Going the distance: Man plans to bike 8,428 miles to fundraise for orphanage in India


Fishers resident Dan Farrell is passionate about cycling and giving back to others, so he wanted to connect the two.

That’s why the 73-year-old biked 8,428 miles this year to raise $50,000 for the completion of Faith in Deeds, a new orphanage in India, which needed $50,000 to complete. Farrell determined the cycling mileage on the distance from Fishers to India.

“I wanted my passion for biking to lend itself to helping others in some way, shape or form,” he said. “It was kind of challenging to see how you could bring those two together.”

After learning about Noblesville resident Dave Schweikert, who biked for 24 hours around a roundabout in Carmel, Farrell figured he could accomplish a similar feat.

He recently topped 7,000 miles for the year and expects to reach 12,000 by year’s end. He expects to hit the 8,428 objective near Sept. 1. He tracks his mileage with Ride with GPS. So far, he’s raised a little more than $3,000 of  his goal.

“So, I have a ways yet to go,” he said.

To reach his mileage goal, Farrell bikes to and from work each day. He works at Frontier Communications in Cicero as a safety manager.

Each morning, he begins biking around 5 a.m. He leaves his Fishers home, makes his way to Carmel on 116th Street, then hops on the Monon and takes the trail north to Sheridan. Then, he returns from Sheridan to Westfield, uses the Midland Trace Trail to get to Hague Road and then takes Hague Road to Cicero. He bikes three hours each morning. 

“I’m not very speedy, so I get about 42 miles in there, and then at night, on the way home, I’m able to pick up 20 or 25 or sometimes 30 miles or so by taking country roads from Cicero back to Fishers,” he said.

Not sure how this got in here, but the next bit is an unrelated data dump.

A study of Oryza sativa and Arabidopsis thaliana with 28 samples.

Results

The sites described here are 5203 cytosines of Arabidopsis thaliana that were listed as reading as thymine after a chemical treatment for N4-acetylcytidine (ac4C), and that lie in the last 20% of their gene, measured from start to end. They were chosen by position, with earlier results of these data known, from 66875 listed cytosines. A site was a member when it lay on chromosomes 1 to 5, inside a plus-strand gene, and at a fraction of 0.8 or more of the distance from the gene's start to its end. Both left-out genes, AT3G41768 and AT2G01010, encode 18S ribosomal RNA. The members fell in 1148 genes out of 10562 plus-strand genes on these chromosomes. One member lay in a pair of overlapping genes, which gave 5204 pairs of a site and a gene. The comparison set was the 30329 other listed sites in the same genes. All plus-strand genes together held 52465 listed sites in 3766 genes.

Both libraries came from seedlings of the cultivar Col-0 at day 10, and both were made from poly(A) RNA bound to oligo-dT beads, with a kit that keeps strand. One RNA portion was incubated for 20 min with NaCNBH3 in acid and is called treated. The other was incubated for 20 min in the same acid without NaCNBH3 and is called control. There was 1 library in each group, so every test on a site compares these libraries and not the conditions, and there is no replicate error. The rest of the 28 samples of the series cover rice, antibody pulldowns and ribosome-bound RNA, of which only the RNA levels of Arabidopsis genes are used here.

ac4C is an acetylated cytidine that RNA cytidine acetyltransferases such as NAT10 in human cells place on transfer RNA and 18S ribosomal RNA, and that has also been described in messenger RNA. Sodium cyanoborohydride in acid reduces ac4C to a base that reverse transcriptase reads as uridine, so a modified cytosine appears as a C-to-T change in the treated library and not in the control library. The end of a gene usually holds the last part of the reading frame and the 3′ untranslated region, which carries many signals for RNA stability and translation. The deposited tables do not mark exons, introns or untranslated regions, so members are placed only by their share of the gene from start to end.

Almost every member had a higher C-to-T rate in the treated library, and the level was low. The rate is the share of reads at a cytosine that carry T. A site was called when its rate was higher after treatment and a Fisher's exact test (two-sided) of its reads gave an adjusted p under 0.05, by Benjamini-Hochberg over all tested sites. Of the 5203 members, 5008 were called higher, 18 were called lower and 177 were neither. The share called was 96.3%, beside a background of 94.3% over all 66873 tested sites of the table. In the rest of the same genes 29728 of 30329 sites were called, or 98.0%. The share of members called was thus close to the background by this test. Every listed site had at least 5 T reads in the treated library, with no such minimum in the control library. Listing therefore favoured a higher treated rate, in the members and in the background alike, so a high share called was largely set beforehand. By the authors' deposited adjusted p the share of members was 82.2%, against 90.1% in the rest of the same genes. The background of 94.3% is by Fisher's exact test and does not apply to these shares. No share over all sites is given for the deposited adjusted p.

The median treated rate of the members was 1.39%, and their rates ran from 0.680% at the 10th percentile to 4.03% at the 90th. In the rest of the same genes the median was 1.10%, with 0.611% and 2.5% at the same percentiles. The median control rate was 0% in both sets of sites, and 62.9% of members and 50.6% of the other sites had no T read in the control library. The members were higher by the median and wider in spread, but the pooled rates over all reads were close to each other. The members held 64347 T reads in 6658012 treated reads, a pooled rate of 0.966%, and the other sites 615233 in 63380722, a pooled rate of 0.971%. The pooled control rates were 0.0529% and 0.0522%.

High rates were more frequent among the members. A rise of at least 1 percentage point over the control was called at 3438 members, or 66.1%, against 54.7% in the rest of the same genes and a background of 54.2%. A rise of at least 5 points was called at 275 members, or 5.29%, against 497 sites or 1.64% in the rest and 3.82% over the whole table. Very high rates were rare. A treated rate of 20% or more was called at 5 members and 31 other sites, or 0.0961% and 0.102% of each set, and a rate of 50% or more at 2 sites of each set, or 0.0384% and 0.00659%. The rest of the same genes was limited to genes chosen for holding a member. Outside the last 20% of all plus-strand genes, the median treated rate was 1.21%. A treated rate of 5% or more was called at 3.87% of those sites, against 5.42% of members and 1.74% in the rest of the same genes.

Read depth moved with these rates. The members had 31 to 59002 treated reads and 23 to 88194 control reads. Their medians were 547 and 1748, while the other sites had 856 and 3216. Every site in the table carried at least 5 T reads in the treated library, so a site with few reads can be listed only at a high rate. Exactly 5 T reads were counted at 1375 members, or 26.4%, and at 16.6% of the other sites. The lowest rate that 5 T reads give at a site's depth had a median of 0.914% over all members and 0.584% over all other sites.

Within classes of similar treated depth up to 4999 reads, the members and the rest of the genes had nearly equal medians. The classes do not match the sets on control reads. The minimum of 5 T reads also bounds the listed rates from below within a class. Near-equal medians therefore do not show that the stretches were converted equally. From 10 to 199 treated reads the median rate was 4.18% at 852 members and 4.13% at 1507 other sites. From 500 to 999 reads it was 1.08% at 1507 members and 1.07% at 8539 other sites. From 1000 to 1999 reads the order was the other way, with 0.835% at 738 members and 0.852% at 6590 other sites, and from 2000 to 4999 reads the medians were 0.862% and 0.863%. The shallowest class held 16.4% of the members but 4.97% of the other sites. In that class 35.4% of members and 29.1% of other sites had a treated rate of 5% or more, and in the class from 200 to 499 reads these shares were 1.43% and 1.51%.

Farrell, a year-round cyclist, bikes with a Salsa Vaya Touring.

“I do bike in the winter,” he said. “When things get messy, I have a fat-tire bike, which is a bike that has extremely wide tires that are 4 inches wide. What’s nice about that is, they go in snow, ice, sand. You can use them just about anywhere. That’s a Salsa Mukluk.”

Farrell became interested in cycling after he ran marathons and half-marathons for several years.

“That takes a toll, so I was looking for something a little less stressful,” he said.

Through the years, Farrell has biked in Canada, Estonia and Sweden and has taken several tours throughout the U.S.

He began taking cycling seriously in the mid-1980s.

“I just wanted to be in a position where I could bike back and forth to work,” he said. “So probably eight to 10 years ago, I came up with the logistics and planned out how I was able to bike back and forth to work. I’ve done that a number of years and really enjoyed it. It’s one of those things that seemed to be physically demanding to some degree, but I’m a morning person, so that helps tremendously to get that excitement and inspiration up in the morning with that type of thing with the sun rising.

“Biking to me has really been the type of experience in which you’re able to, one way or another, be in tune with nature. It’s a great form of exercise, it’s a green way of transportation and it’s been a win-win all around.”

To track Farrell’s progress or to donate, visit oneorange.org/ride-to-india/.

Dan Farrell, 73, rides his bike to and from work each morning. (Submitted photos)

Other trips

Dan Farrell has cycled many times throughout Canada, Estonia, Sweden and the United States. His major U.S. trips include: the West Coast, 1,800 miles; Anacotes, Wash. to Fargo, N.D., 1,500 miles; the Florida Keys, 194 miles; the Natchez Trace Parkway, 444 miles; the Blue Ridge Parkway/Skyline Drive, 574 miles; Katy Trail, Mo.: 240 miles; the RAIN ride across Indiana, 160 miles; the Ohio western border to Columbus, Ohio, 108 miles; the Ohio TOSRV bike tour, 210 miles; the Wisconsin rail-to-trails, 100 miles; the New York Erie Canal, 363 miles; the North Carolina Outerbanks, 120 miles; the Maryland/Pennsylvania Great Allegheny Passage, 150 miles and the Maryland C&O Canal Towpath, 184 miles.